The Double Feature: The Princess Bride and Stardust
It’s no secret that Hollywood has caught fairy tale fever. Snow White and the Huntsman, Jack the Giant Slayer and Hansel and Gretel: Witch Hunters all hit theaters in the past twelve months, and there is another round of fairy tale updates on the horizon, including a live-action Cinderella from Disney. I love a good fairy tale movie, but there are only so many spins that can be put on the familiar tales of Red Riding Hood and Snow White, and I fear Hollywood has nearly exhausted them all.
Happily, not all fairy tales were recorded by the Brothers Grimm. Writers have continued to churn out tales of princesses, far off lands and seemingly impossible loves. Which brings me to our latest double feature: The Princess Bride and Stardust, both adaptations of modern fairy tales, and between the two movies nearly every fairy tale trope pops up at least once. You’ve got creepy forests, wicked witches, riddles, mistaken identities and true love’s kiss– all the ingredients for an enchanting evening of fairy tales with nary a mention Snow White or Prince Charming.
Based on the 1973 novel by William Goldman, The Princess Bride is one of the few true modern classic movies. Since it premiered in 1987, the tale of Buttercup (Robin Wright) and Westley (Cary Elwes) has become a cult favorite thanks to its memorable lines (“as you wish”) and sharply funny plot. Like any good fairy tale, it weaves a story that can be appreciated by people of all ages, with just enough action and silliness for the under twelve crowd and enough satire and heart to woo everyone else.
The Princess Bride takes viewers from the calm farmland Buttercup calls home to the high seas where Westley becomes the latest in a long line of Dread Pirate Roberts to the dangerous Fire Swamps where the Rodents of Unusual Size run rampant. In between, we meet gentle giant Fezzik (Andre the Giant) and Inigo Montoya (Mandy Patinkin), a swordsman on a quest to avenge his father’s death, as well as the requisite villains, Prince Humperdinck (Chris Sarandon) and Vizzini (Wallace Shawn), who is memorably foiled by his own game (“Inconceivable!”). Adding to the fairy tale effect, the entire adventure is framed as a story that a grandfather (Peter Falk) is reading to his sick grandson (Fred Savage), who often insists that his grandfather skip over the mushy parts– at least until the end, when even he wants to see Westley and Buttercup kiss.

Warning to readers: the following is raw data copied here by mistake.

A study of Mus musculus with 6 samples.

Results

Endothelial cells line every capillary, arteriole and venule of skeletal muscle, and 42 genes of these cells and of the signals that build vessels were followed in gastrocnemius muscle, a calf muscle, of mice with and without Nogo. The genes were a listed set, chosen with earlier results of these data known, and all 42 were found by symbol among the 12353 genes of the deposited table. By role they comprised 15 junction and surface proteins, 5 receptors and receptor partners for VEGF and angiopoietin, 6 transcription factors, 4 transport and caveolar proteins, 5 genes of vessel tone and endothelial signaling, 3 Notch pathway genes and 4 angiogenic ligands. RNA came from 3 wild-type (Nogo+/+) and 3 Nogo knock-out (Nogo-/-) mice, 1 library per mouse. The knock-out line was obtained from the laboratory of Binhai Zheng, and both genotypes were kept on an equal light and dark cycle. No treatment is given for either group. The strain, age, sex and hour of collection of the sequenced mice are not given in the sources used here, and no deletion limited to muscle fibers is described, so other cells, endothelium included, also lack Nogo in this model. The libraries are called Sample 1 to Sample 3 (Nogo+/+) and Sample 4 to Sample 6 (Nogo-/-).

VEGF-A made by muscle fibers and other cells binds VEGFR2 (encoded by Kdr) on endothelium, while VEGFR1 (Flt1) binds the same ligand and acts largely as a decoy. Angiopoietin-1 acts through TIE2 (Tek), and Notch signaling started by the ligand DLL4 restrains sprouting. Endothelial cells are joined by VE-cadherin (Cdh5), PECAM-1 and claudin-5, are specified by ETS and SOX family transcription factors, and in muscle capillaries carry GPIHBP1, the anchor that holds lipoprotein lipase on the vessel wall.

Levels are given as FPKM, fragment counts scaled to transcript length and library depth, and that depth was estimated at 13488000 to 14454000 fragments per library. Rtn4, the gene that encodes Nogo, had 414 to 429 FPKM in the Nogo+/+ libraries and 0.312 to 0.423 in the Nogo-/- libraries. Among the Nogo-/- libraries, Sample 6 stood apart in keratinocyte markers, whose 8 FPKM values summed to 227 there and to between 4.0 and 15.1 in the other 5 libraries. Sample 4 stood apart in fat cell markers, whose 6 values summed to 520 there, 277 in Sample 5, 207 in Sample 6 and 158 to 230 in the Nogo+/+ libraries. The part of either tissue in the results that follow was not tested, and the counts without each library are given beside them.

Released in 2007, Stardust hasn’t garnered the same post-box office acclaim as The Princess Bride, but it is certainly one of the more original fairy tale films to come out in recent years. Stardust is an adaptation of Neil Gaiman’s 1999 novel of the same name, and it weaves the tale of Tristan (Charlie Cox) and Yvaine (Claire Danes), a boy and a star who falls to Earth after being knocked out of the sky by a carelessly tossed ruby. The unlikely duo fall in love as they journey through the land beyond The Wall that separates the magical world from the non-magical world.
Stardust is simply a fun movie. Director Matthew Vaughn, along with his co-screenwriter Jane Goldman, preserved the whimsy of Gaiman’s original work (even as they forfeited much of its darkness), and as a result the movie boasts a unicorn, a flying pirate ship complete with a memorable turn from Robert De Niro as the captain, a trio of witches who wish to eat Yvaine’s heart in order to restore their youth and an ending that involves the central lovers ascending into the sky to rule the magical kingdom. The somewhat chaotic plot would be overwhelming if it wasn’t such a pleasure to watch Danes and Cox’s verbal sparring matches. As it is, all of the magical flourishes fade into pleasant background noise as the almost literally star-crossed lovers fall for one another.
There is a reason why Hollywood keeps delving into the fairy tale well: people never truly get tired of the classics. However, revisiting the same stories time and time again isn’t nearly as entertaining as seeing how those stories have influenced another generation of writers. In The Princess Bride and Stardust, we have two stories that are quite different, but still hit all of the familiar fairy tale beats. They take us to lands full of magic and offer up love stories that possess the kind of gravitas that only fairy tale love can boast, but they feature characters that are new and twists that deviate from the standard playbook.
The couplings of Tristan and Yvaine and Buttercup and Westley are fraught with obstacles from murderous princes to the aforementioned heart-eating witches. But no matter how dire things seem, we know they’ll end up with their happily ever after, making this double feature a bit like comfort food for the hopeless romantics and fantasy fans alike. If nothing else, the duo will tide you over until the next wave of fairy tale movies hits theaters.
Are you up for a Stardust/The Princess Bride double feature? Is there a third modern fairy tale you’d add to make it a triple? Share your suggestions in the comments!